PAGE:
Corkran Early Origins



The surname Corkran was first found in County Fermanagh (Irish: Fear Manach) in the southwestern part of Northern Ireland, Province of Ulster, where they held a family seat from very ancient times.






Many variations of the name Corkran were found in archives from the Middle Ages. These variations can be somewhat explained by the challenge of translation of Gaelic names into English. Hence, the spelling and language in which the people's names were recorded was often up to the individual scribe. Variations of the name Corkran found include MacCorcoran, O'Corcoran and others.






This web page shows only a small excerpt of our Corkran research. Another 511 words (36 lines of text) covering the years 1001, 1172, 1373, 1641, 1691, 1827, 1861, and 1863 are included under the topic Early Corkran History in all our PDF Extended History products and printed products wherever possible.






More information is included under the topic Early Corkran Notables in all our PDF Extended History products and printed products wherever possible.






Irish families began leaving their homeland for North America in the late 18th century. These families were usually modestly well off, but they were looking forward to owning and working on a sizable tract of land of their own. This pattern of emigration continued until the 1840s when the Great Potato Famine sparked a major exodus of destitute and desperate Irish people. These people were not leaving for a grant of land in North America because by this time the East Coast had reached its saturation point and free land was scarce. They were merely looking to escape the disease, starvation, and hopelessness that Ireland had fallen into. Although these unfortunate immigrants did not receive a warm welcome by the established populations in the United States and what would become Canada, they were absolutely critical to the rapid development that these two nations enjoyed. They would help populate the western lands and provide the cheap labor required for a rapid industrialization. An examination of passenger and immigration lists has revealed many early bearers of the name Corkran or one of its variants:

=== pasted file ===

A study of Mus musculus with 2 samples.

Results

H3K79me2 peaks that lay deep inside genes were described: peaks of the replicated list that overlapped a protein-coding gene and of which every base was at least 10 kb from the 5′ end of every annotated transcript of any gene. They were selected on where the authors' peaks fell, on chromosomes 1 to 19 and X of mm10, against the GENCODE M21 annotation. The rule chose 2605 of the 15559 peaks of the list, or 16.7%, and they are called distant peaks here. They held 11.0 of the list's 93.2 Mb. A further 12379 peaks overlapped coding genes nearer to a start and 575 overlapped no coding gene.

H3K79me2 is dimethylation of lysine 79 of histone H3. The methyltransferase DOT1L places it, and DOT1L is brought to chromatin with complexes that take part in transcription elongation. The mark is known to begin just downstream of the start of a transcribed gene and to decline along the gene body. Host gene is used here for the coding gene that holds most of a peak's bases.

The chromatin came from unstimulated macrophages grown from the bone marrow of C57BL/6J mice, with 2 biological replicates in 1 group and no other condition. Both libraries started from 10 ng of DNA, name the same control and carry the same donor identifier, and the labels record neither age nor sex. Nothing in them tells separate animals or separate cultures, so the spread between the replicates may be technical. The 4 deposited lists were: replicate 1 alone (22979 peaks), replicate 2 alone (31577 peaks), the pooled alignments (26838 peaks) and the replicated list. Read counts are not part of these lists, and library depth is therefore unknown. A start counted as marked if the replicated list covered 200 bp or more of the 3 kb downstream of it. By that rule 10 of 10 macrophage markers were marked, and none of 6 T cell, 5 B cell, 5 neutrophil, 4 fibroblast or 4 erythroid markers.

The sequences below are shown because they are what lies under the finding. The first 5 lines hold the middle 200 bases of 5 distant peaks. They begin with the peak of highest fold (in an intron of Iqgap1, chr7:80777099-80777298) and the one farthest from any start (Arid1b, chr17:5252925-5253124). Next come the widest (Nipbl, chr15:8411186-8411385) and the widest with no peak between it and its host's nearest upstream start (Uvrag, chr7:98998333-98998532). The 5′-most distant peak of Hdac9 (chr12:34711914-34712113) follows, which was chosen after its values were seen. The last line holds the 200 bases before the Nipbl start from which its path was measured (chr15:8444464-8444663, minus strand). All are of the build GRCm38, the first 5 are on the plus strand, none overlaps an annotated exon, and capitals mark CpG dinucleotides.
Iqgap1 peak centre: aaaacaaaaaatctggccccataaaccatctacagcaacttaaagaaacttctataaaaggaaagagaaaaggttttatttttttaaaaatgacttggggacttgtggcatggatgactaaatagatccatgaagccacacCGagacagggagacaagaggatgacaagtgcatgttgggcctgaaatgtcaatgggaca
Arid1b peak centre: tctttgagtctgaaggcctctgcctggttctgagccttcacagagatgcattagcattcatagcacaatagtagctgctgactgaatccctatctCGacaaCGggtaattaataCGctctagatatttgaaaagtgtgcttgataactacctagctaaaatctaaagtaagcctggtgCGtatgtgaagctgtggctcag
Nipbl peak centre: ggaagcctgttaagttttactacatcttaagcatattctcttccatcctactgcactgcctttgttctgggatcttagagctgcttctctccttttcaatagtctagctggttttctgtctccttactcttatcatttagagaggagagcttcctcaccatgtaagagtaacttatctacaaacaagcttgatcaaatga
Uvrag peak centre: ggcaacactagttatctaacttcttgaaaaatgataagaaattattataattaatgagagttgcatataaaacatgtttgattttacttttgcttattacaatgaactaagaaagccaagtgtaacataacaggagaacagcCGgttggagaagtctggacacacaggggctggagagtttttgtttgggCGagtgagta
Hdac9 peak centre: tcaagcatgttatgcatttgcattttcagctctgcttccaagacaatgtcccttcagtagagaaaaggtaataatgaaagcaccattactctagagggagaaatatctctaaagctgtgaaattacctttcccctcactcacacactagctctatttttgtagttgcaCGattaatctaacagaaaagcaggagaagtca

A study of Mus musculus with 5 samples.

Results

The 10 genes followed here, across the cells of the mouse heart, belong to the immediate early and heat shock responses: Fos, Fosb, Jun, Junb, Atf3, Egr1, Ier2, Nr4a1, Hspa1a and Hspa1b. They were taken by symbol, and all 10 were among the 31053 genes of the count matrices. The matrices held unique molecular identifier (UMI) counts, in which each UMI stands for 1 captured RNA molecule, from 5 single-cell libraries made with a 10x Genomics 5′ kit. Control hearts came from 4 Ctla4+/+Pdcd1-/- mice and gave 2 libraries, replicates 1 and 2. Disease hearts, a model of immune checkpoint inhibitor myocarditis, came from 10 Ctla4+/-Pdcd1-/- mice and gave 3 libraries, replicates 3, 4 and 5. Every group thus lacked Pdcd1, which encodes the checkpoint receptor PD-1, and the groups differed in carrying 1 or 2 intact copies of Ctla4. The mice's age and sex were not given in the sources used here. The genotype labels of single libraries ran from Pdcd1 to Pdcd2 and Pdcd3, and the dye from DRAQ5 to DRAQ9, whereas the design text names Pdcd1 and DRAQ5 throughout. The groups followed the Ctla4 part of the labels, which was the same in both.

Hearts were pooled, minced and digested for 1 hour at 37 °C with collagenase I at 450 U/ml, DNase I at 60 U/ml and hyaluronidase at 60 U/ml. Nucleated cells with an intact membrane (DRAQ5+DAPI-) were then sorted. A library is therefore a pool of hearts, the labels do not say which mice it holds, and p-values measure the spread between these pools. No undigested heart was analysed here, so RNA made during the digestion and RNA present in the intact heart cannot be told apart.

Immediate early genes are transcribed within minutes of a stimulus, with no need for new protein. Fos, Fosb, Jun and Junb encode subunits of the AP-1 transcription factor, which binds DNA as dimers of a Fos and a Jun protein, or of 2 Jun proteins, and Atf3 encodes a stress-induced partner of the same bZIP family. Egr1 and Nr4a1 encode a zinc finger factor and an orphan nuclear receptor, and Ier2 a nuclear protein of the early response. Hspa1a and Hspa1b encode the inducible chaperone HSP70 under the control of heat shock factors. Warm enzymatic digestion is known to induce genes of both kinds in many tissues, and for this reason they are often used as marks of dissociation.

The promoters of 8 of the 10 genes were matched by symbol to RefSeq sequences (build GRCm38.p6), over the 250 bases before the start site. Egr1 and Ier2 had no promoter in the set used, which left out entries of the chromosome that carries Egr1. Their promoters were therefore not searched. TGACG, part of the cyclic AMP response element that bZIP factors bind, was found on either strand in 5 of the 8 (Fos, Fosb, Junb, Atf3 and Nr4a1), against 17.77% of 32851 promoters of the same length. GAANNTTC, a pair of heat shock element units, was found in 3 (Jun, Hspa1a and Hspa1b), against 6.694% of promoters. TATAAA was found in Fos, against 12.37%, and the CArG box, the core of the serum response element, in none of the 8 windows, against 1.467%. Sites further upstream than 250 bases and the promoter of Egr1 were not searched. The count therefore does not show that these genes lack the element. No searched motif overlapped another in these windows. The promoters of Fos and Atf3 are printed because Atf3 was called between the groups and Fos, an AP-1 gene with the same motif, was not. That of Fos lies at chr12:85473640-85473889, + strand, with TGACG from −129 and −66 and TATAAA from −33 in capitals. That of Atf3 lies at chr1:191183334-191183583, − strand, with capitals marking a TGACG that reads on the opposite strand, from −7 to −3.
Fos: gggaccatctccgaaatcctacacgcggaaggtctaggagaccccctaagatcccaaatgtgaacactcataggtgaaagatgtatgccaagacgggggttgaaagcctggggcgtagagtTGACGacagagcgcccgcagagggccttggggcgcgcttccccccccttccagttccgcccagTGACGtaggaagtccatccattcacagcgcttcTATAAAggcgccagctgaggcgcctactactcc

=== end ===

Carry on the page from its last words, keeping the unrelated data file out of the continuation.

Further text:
Corkran Settlers in United States in the 18th Century

  • Catherine Corkran, who arrived in Boston, Massachusetts in 1763

Corkran Settlers in United States in the 19th Century

  • James Corkran, who arrived in New York in 1839

Corkran Settlers in New Zealand in the 19th Century

  • Charles Corkran, aged 21, a labourer, arrived in Nelson aboard the ship "Adamant" in 1874
  • Ann Corkran, aged 21, a servant, arrived in Hawkes Bay aboard the ship "Countess of Kintore" in 1875






The motto was originally a war cry or slogan. Mottoes first began to be shown with arms in the 14th and 15th centuries, but were not in general use until the 17th century. Thus the oldest coats of arms generally do not include a motto. Mottoes seldom form part of the grant of arms: Under most heraldic authorities, a motto is an optional component of the coat of arms, and can be added to or changed at will; many families have chosen not to display a motto.

Motto: In fide et in bello fortis
Motto Translation: Strong in both faith and war.



















    Other References

    1. Fitzgerald, Thomas W. Ireland and Her People A Library of Irish Biography 5 Volumes. Chicago: Fitzgerald. Print.
    2. Kennedy, Patrick. Kennedy's Book of Arms. Canterbury: Achievements, 1967. Print.
    3. Matthews, John. Matthews' American Armoury and Blue Book. London: John Matthews, 1911. Print.
    4. Shaw, William A. Knights of England A Complete Record from the Earliest Time to the Present Day of the Knights of all the Orders of Chivalry in England, Scotland, Ireland and Knights Bachelors 2 Volumes. Baltimore: Genealogical Publishing. Print. (ISBN 080630443X).
    5. Robb H. Amanda and Andrew Chesler. Encyclopedia of American Family Names. New York: Haper Collins, 1995. Print. (ISBN 0-06-270075-8).
    6. Crozier, William Armstrong Edition. Crozier's General Armory A Registry of American Families Entitled to Coat Armor. New York: Fox, Duffield, 1904. Print.
    7. Weis, Frederick Lewis, Walter Lee Sheppard and David Faris. Ancestral Roots of Sixty Colonists Who Came to New England Between 1623 and 1650 7th Edition. Baltimore: Genealogical Publishing, 1992. Print. (ISBN 0806313676).
    8. Woodham-Smith, Cecil. The Great Hunger Ireland 1845-1849. New York: Old Town Books, 1962. Print. (ISBN 0-88029-385-3).
    9. O'Hart, John. Irish Pedigress 5th Edition in 2 Volumes. Baltimore: Genealogical Publishing, 1976. Print. (ISBN 0-8063-0737-4).
    10. MacLysaght, Edward. Mores Irish Familes. Dublin: Irish Academic, 1982. Print. (ISBN 0-7165-0126-0).
    11. ...

    The Corkran Family Crest was acquired from the Houseofnames.com archives. The Corkran Family Crest was drawn according to heraldic standards based on published blazons. We generally include the oldest published family crest once associated with each surname.

    This page was last modified on 3 December 2014 at 14:05.